Saudis avoid release direct statement against JASTA


Monitoring Desk: Saudis have avoided release of direct statement against JASTA and pitched a comment in Middle Eastern media against JASTA through “an official source”.

Saudis avoid release direct statement against JASTA

Saudi foreign ministry has released its comment on late Thursday about JASTA and said that the enactment of the US legislation allowing 9/11 victims to sue the kingdom would weaken sovereign immunity and leave a negative impact on all nations.

Meanwhile Saudi Lobbyists do not leave hope and believe that they will manage changes in JASTA just right after US Presidential elections, reports Russia Media.

Saudi Arabian government avoided to release direct statement over JASTA and used “sources” in a statement pitched in Middle Eastern media.

According to Al-Arabia television, a ministerial source said the Justice Against Sponsors of Terrorism Act (JASTA) would contribute to the “erosion” of the principle of sovereign immunity, which has governed international relations for hundreds of years, read a statement on the state-run news agency.

Television says that the source further added that this would have a negative impact on all nations, including the United States. The source explained that many nations oppose JASTA as well as many American national security experts, who are aware of the “dangers” JASTA represents.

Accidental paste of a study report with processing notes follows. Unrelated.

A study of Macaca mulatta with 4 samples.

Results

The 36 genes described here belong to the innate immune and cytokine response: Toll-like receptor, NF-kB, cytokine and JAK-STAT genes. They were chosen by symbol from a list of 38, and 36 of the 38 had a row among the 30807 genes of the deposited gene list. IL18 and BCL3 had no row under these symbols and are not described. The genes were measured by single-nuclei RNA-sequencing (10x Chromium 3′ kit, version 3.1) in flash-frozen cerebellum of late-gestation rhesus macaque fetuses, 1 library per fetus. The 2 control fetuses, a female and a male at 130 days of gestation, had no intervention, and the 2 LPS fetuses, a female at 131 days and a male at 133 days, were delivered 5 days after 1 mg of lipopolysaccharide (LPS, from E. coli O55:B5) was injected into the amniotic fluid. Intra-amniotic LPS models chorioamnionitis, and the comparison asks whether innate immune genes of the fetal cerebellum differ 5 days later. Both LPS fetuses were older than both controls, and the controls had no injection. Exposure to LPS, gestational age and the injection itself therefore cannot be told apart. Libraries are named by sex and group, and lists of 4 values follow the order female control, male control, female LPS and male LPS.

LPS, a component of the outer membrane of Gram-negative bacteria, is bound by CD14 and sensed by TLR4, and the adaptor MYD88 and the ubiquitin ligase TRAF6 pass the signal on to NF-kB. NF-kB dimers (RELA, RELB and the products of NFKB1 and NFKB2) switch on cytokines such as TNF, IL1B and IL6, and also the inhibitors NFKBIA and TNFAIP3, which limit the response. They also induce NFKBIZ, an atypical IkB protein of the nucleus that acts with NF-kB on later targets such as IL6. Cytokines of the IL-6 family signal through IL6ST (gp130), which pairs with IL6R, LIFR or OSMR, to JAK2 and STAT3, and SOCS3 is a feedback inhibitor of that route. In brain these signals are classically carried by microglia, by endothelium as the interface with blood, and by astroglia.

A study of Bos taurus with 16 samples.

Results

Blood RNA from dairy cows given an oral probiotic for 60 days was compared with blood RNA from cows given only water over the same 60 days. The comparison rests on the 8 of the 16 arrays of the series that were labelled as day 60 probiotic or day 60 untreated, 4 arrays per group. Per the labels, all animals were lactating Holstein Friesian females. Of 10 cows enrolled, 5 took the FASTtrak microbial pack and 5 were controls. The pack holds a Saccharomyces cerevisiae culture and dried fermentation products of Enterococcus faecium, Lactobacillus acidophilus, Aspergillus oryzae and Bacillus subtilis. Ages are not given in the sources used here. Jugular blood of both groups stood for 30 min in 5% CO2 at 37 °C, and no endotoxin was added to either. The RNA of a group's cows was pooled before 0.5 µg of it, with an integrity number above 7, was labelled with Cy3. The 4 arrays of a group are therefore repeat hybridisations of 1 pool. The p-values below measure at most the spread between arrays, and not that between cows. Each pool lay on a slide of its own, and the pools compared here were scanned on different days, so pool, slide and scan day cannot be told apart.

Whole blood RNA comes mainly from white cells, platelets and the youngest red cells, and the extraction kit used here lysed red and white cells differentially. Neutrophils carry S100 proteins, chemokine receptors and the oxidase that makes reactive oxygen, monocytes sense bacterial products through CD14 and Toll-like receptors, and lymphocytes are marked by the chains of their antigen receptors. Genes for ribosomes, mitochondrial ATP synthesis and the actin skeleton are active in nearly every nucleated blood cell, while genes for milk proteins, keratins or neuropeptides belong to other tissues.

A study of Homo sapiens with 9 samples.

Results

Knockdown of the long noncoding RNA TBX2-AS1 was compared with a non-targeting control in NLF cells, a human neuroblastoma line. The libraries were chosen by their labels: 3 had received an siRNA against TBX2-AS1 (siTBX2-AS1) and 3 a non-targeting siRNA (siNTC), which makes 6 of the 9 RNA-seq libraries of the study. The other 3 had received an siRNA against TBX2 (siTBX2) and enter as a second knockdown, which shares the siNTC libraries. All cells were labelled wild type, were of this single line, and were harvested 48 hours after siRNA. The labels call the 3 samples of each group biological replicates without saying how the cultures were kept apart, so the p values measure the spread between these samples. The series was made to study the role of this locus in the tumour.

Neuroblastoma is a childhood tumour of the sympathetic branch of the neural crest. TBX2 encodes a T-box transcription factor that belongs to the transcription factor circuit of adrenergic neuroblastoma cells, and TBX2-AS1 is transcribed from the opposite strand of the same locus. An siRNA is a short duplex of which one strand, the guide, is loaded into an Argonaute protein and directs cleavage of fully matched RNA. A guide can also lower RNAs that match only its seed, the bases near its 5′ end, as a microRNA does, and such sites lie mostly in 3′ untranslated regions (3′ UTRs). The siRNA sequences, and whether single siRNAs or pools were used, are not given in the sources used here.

These “dangers” were the reason why President Barack Obama, the US Secretary of Defense, The Chairman of the Joint Chiefs of Staff and the Director of the CIA have expressed their opposition to JASTA as it has been drafted.

The official source concluded by expressing “hope that wisdom will prevail and that Congress will take the necessary steps to correct this legislation in order to avoid the serious unintended consequences that may ensue.

The Saudi government financed an extensive lobbying campaign against the “Justice Against Sponsors of Terrorism Act”, or JASTA, in the run-up to the vote, and warned it would undermine the principle of sovereign immunity.

But Saudi officials who had lobbied against the bill stopped short of threatening any retaliation if the law was passed.